A bill banning so-called assault weapons is shaping up to be the major battle over firearms in the current session of the Maryland General Assembly, with the idea getting a nod from Senate President Thomas V. “Mike” Miller Jr. and a broad swath of liberal Democratic lawmakers, according to The Gazette.
The bill, sponsored by Sen. Robert J. Garagiola (D-15th Dist.) of Germantown and Del. Neil F. Quinter (D-13th Dist.) of Columbia, would ban not only the semi-automatic Uzis, AK-47s and other guns included in the federal assault weapons ban set to expire this year, but also copycats and other firearms, such as the Bushmaster rifle used in the 2002 “Beltway sniper” murder spree.
Miller, who has criticized Gov. Robert L. Ehrlich Jr. (R) for voting against previous gun bans, stopped short of saying the bill will pass. But if Miller decides to get behind the bill, he will find breaking a sure filibuster on the issue easier now that the vote needed to end a filibuster has changed from two-thirds (32 votes) to three-fifths (29 votes). Ehrlich has long opposed gun bans, but he may not want an “assault weapons” ban hotly opposed by many Republicans to reach his desk, given that the issue has proven popular in polls in Maryland.
The gun issue could induce Miller (D-Dist. 27) of Chesapeake Beach to break his alliance with Ehrlich on slots and other issues, much as he did last year when he defeated Lynn Y. Buhl as the governor’s environmental secretary nominee.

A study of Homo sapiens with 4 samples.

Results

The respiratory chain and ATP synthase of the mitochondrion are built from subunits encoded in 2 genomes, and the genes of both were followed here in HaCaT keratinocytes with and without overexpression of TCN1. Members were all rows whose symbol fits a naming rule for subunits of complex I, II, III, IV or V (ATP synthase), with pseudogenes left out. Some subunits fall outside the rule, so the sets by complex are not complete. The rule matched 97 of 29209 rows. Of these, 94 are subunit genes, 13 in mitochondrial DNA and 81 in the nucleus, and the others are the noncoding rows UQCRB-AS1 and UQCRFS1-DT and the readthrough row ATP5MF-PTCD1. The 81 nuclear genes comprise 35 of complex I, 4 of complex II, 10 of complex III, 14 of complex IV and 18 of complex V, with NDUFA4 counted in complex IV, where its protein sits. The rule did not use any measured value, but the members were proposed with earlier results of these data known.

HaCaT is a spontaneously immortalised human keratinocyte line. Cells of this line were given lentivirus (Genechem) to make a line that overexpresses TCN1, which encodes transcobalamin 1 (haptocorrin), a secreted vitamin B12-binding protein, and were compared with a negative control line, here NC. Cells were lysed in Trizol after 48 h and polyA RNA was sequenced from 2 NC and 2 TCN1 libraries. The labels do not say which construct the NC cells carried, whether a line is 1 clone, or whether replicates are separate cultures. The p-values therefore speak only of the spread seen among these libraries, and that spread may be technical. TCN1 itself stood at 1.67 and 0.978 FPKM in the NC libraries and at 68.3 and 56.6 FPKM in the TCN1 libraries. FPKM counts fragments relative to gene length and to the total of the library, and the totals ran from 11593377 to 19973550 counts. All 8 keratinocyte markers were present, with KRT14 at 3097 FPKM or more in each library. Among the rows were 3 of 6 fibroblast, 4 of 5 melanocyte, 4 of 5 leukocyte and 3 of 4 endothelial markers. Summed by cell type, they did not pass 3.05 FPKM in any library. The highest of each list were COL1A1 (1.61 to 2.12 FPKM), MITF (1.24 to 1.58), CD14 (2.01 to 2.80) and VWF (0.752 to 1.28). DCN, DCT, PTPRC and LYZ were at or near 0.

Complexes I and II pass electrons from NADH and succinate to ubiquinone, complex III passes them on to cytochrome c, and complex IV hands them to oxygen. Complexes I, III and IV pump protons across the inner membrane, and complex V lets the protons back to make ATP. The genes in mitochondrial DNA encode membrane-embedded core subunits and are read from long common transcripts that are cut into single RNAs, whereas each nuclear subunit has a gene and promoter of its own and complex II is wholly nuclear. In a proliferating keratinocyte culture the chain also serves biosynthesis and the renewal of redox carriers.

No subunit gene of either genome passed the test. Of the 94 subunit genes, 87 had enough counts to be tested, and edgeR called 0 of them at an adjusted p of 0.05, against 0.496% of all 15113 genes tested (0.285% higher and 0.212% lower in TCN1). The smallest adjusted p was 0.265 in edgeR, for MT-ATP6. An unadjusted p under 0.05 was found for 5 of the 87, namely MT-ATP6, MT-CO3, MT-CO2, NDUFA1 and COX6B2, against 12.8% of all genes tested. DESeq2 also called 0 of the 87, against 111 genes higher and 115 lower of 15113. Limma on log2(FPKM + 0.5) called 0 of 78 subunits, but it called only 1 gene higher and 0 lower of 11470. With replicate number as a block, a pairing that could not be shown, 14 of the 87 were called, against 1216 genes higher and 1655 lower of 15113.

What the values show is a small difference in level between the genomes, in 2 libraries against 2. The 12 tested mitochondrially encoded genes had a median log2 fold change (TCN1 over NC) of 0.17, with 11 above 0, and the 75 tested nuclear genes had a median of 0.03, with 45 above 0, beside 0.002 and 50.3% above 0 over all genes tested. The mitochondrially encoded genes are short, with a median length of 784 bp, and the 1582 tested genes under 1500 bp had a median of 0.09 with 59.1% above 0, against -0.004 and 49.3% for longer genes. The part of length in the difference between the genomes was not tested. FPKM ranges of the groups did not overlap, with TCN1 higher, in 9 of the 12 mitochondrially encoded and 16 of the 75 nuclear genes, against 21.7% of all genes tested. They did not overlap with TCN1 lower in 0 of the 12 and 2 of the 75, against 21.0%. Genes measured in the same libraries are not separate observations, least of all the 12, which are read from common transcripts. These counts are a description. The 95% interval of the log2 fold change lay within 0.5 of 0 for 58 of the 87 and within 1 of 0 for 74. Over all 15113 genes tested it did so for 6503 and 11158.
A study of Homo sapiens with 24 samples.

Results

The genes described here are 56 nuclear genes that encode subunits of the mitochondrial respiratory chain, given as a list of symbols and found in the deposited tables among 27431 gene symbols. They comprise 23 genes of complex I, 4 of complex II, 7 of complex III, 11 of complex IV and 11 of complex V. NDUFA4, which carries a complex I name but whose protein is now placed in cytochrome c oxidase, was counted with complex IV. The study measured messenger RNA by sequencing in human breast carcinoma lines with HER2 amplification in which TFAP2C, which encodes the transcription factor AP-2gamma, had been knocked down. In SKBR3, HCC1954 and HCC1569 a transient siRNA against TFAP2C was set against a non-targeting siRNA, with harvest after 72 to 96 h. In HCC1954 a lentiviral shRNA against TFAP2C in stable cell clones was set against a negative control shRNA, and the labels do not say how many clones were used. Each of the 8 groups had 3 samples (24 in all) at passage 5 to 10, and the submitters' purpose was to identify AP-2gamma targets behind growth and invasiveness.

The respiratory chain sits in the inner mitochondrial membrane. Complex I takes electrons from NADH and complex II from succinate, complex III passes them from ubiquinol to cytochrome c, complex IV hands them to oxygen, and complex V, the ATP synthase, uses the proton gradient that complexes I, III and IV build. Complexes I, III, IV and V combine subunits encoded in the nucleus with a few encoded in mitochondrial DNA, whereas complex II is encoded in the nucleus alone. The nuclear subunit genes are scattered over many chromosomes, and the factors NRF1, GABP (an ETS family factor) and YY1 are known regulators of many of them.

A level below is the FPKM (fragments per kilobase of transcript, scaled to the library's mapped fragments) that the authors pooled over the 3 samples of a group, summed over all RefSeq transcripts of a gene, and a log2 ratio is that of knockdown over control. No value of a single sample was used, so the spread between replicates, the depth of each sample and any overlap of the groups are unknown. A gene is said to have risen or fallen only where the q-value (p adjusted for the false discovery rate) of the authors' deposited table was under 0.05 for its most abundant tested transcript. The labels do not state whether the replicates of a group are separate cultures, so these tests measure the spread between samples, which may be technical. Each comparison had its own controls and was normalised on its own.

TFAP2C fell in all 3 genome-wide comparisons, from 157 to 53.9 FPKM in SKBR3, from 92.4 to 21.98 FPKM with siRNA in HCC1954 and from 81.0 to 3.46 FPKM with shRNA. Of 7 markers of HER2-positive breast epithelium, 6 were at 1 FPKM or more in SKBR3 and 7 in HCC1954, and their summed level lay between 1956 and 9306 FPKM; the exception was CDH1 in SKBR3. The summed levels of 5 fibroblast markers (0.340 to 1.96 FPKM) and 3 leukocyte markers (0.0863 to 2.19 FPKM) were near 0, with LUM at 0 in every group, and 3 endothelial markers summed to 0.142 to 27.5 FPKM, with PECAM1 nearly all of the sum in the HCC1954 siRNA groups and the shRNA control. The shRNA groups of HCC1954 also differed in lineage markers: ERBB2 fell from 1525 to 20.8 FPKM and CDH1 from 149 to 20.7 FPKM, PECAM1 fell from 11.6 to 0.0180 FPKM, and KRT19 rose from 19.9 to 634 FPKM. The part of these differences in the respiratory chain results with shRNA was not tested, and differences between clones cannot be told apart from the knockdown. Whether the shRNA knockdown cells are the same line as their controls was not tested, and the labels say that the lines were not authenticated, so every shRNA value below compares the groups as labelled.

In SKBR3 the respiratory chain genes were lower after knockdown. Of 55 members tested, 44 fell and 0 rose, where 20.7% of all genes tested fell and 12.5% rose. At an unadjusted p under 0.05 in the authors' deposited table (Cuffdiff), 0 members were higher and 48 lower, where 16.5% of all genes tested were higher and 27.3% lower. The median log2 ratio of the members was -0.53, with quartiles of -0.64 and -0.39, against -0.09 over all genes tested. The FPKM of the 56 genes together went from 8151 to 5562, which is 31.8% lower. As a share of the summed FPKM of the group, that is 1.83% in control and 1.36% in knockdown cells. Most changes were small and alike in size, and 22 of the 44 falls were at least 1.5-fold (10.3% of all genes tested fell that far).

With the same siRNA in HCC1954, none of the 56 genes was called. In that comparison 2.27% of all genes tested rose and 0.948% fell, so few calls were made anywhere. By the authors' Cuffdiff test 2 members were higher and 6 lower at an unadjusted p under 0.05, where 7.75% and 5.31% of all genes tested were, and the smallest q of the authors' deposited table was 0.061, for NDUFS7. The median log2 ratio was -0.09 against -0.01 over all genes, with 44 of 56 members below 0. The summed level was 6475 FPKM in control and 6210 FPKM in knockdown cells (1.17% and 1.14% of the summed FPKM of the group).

Sen. Alexander X. Mooney (R-3rd Dist.) of Frederick, an ardent gun rights advocate, defended the firearms as “sport utility rifles.”
He said fully automatic machineguns have long been banned, and giving people guns—including semi-automatic Uzis—would make them safer. He also questioned statistics cited by anti-gun supporters that the federal ban has cut crime and assault weapon traces used in crimes. He decried the proposal as part of a step-by-step plan to ban all guns. Mooney is considering a bill expanding the right to carry guns.
Although prospects are looking up in the Senate, the bill faces a tough hurdle in the House from Judiciary Chairman Joseph F. Vallario Jr. (D-27th Dist.) of Upper Marlboro, who is skeptical of the need for new gun laws.
Vallario said he has a lot of questions about the ban, mainly about how it differs from the soon-to-expire federal ban and what impact it will have on existing guns.
Del. Carmen Amedori (R-Dist. 5A) of Westminster, a gun rights advocate, said she has always expected the House to be key in preserving gun rights once Frosh became chairman of Judicial Proceedings.
A rally for the ban held in early January at the Chevy Chase home of CeaseFire Maryland Executive Director Leah Barrett attracted a veritable mob of elected officials, from possible gubernatorial candidates Montgomery County Executive Douglas M. Duncan (D) and Del. Peter V.R. Franchot (D-20th Dist.) of Takoma Park to Frosh and US Rep. Christopher Van Hollen Jr. (D-8th Dist.) of Kensington, The Gazette reported.
Van Hollen noted that prospects of passing an assault weapons ban are better with Frosh as the Judicial Proceedings chairman than in earlier years when Sen. Walter M. Baker relished making mincemeat out of gun control proposals. Baker was defeated in 2002.
There were even a few Republicans at Barrett’s home, led by County Councilman Howard A. Denis (R-Dist. 1) of Chevy Chase. With Constance A. Morella’s defeat by Van Hollen in 2002, Denis, a former state senator, may be the most liberal elected Republican in the state.
While supporters were meeting inside at the anti-gun reception, a band of gun rights proponents protested outside.